The newest report from clean energy researchers Clean Edge, Inc. shows installed solar capacity costs will drop by seven per cent annually.
VANCOUVER—The world installed more new solar photovoltaic (PV) generating capacity than wind power capacity in 2013, according to a new report.
Installed solar PV generation hit 36.5 gigawatts in 2013, compared to 35.5 of installed wind power capacity.
Unveiled at GLOBE 2014, a global low-carbon conference underway in Vancouver, the analysis of 2013 clean energy trends was produced by cleantech research and advisory firm Clean Edge, Inc.
The Oregon-based advisory said increased solar deployment in China, Japan, and the U.S., combined with a down year in the wind industry, made 2013 the first time since Clean Edge began tracking global markets in 2000 that solar installation outpaced wind.
However, total global wind power capacity is still more than double that of solar capacity.
Clean Edge projects double-digit growth rates in solar throughout the next decade will eventually push wind capacity from the top green-energy spot.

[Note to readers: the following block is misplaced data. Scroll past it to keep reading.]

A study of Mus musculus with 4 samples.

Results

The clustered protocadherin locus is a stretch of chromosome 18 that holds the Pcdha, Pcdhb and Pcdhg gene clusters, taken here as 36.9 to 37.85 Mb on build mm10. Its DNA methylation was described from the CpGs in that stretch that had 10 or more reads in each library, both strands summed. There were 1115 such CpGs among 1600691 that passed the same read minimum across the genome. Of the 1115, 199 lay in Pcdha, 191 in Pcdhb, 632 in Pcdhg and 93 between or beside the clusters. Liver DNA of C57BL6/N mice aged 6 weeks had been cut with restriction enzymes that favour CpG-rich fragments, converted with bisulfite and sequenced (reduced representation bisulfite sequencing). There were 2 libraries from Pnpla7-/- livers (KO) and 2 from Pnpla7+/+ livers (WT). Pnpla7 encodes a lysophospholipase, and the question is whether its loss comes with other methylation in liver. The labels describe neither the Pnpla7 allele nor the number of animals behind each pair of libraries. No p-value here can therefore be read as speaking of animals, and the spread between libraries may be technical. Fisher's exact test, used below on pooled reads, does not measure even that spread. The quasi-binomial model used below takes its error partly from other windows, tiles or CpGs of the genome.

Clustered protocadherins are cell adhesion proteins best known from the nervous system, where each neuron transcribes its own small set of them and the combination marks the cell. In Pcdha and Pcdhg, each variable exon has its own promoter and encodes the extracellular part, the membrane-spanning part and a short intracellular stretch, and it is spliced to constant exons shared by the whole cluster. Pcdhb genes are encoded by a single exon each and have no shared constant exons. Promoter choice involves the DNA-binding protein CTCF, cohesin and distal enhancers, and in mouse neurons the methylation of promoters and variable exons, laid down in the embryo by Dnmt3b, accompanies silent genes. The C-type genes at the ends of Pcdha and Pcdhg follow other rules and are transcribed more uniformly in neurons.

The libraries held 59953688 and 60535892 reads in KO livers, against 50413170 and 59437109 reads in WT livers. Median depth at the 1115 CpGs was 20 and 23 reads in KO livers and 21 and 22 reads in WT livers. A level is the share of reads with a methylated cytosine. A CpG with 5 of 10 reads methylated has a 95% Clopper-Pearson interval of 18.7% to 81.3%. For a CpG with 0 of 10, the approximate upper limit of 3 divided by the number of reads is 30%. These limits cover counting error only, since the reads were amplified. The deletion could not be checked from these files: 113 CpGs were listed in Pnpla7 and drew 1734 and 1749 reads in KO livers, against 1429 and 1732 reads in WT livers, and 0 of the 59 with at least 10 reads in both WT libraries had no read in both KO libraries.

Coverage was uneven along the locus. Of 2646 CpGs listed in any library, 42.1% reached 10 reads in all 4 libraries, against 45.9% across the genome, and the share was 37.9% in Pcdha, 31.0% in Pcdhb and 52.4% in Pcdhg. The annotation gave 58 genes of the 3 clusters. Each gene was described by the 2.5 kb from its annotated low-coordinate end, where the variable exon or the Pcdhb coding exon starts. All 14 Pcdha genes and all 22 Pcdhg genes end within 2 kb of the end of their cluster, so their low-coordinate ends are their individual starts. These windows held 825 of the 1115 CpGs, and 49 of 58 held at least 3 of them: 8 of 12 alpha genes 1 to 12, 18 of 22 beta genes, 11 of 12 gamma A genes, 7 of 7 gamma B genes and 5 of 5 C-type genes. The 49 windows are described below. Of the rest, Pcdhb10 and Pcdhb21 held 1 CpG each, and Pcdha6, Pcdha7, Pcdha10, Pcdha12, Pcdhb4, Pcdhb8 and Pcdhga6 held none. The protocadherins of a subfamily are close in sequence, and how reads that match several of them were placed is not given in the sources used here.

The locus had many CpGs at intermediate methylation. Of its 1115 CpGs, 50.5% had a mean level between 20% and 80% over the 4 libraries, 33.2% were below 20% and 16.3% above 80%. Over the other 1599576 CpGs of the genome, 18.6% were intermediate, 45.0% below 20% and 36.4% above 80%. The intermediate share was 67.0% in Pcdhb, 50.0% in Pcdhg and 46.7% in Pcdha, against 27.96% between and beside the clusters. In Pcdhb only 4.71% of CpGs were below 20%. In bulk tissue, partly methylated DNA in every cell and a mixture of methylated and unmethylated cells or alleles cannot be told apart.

Installed solar costs are expected to fall by about seven per cent annually, pushing global cumulative installed solar PV capacity to 715.8 gigawatts by 2012, surpassing wind power’s projected 697.3 GW in that year.
Overall, combined global revenue for solar PV, wind power and biofuels declined slightly to $247.6 billion from $248.7
billion in 2012.
The Clean Edge report says global solar capacity’s 18 per cent growth, combined with a modest uptick in biofuels,
was not enough to overcome a lackluster year for the wind industry.
The report forecasts these three clean-energy sectors combined will expand from $247.6 billion in 2013 to $397.9 billion in 2023.